Mumtaz Ali, popularly known as Sri M, is the founder of Satsang Foundation, a charitable organisation dedicated to educational, health and spiritual institutes committed to improving the lives of people in need. Sri M answered questions through email. Excerpts:
At what age did you start learning about Hinduism?
At the age of ten or so. Well, I could understand quite a bit to my surprise.
What was the first scripture or book you read and did it influence your thoughts?
The first book about Hinduism was by Swami Chinmayananda, called ‘Japa, Yoga and Gayatri.’ It opened my eyes to the profundity of the Vedas on the one hand and psychology. It sharpened my thinking capacity.
What was the reaction in your family, when you were involved in deep study of Hindu religion?
My mother did not know what was happening and my father was already interested in the subject considering that I found the booklet on his study table. I think he was mildly amused.
Can you describe what actually happened to you under the jackfruit tree in your house?
I was only nine when I saw the tall, long-haired, sparsely clad stranger, under the jackfruit tree. I felt no fear and walked up to him when he gestured to me. He laid his hand on my head, said in Hindi (He spoke Deccani Urdu at that time which is very much like Hindi) “When the time comes, everything will be all right.” Then he said, “Go home.” I walked back to the back door, turned and saw that he had gone.
There are many unbelievable instances for a common reader. Has anybody questioned you on these incidents?
Yes, some have questioned me. I can only speak from my personal experience. Truth, my dear Sir, is stranger than fiction!
Your description of the lives of sadhus in Himalayas is fascinating, especially those living in the caves...
First of all, they live in solitude and do not like potential reporters like me. All I can say is that they spend most of the time in spiritual practices and do not care much about physical comforts. Some have developed the capacity to withstand the inclement weather. They shun publicity.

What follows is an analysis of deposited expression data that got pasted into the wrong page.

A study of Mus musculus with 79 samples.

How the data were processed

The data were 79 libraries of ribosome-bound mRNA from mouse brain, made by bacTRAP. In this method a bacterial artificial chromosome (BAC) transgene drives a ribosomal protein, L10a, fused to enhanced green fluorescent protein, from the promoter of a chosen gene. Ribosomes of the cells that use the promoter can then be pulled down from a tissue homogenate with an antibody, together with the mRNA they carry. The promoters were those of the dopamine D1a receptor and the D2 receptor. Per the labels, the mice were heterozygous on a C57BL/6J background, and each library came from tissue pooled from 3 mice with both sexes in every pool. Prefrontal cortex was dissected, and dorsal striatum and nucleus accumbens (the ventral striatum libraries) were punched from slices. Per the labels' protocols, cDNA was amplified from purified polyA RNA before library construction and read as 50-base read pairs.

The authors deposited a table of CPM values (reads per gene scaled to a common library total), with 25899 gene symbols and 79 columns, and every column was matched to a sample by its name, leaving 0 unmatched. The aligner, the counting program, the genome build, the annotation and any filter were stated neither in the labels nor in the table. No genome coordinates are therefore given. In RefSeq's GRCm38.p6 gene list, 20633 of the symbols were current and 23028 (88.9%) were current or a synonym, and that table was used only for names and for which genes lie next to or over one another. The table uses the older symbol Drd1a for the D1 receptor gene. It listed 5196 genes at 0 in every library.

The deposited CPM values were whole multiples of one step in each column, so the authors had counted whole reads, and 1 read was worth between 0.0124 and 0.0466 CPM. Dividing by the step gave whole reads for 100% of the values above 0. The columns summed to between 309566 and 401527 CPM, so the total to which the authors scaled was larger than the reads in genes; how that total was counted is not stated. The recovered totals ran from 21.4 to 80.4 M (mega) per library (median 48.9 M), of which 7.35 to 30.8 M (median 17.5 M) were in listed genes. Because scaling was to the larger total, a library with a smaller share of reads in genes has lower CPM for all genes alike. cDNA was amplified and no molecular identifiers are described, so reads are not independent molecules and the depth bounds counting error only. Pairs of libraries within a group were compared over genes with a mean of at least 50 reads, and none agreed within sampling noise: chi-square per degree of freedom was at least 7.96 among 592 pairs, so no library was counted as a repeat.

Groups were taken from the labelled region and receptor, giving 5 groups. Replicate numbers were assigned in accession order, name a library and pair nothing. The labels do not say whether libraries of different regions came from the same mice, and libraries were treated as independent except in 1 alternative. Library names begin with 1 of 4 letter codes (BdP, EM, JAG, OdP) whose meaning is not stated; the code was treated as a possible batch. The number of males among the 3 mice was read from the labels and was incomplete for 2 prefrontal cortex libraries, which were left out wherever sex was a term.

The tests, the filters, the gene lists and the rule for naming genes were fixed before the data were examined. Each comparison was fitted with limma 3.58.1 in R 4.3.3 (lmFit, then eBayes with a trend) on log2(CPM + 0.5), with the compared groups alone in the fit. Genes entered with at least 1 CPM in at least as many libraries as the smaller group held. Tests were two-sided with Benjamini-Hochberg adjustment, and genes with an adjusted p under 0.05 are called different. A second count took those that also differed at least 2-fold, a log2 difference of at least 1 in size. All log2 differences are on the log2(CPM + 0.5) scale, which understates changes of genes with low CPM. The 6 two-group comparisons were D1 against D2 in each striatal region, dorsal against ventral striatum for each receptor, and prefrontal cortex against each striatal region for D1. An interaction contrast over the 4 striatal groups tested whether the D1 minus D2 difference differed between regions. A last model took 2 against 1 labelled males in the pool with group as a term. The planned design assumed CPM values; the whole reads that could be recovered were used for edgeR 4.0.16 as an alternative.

You travel up to Kailash where you are introduced to Jesus and Guru Nanak. How do you experience these visuals and how to believe them?
These were not physical experiences, but happened in an altered state of consciousness. I know the next question would be what if these were hallucinations. May I counter by asking how real is the sunrise and sunset. We see with our own eyes every day, when actually the sun neither rises nor sets and it is the earth that moves.
Do you believe in re-birth?
For me, re-birth is a fact, not a belief. It is my own experience. I am toying with the idea of writing about it, but have shelved it so far, considering the current sceptical mindset of many readers.
What was Mr. Kalam’s reaction to your activities?
He did not give me any advice. He is a good-hearted soul is the impression I got in my interactions with him.
Is there a scientific answer to all the abnormal happenings?
Yes, except that some of the laws that operate are as yet unknown generally.
What was the reaction of the audience both in India and abroad to your speeches on the Gita, Upanishads, etc.?
It was quite mixed, but I was welcomed, listened to carefully, appreciated and given a lot of respect, considering my rather unusual background.
Have you come across anybody from Muslim organisation that objected to your preaching Hindu scriptures?
Yes, sure. But also there were those who welcomed it.
What have you learnt from this life?
Plenty. The most important understanding is that the whole world is one vast network and to isolate oneself into small exclusive groups is to enter the realm of misery.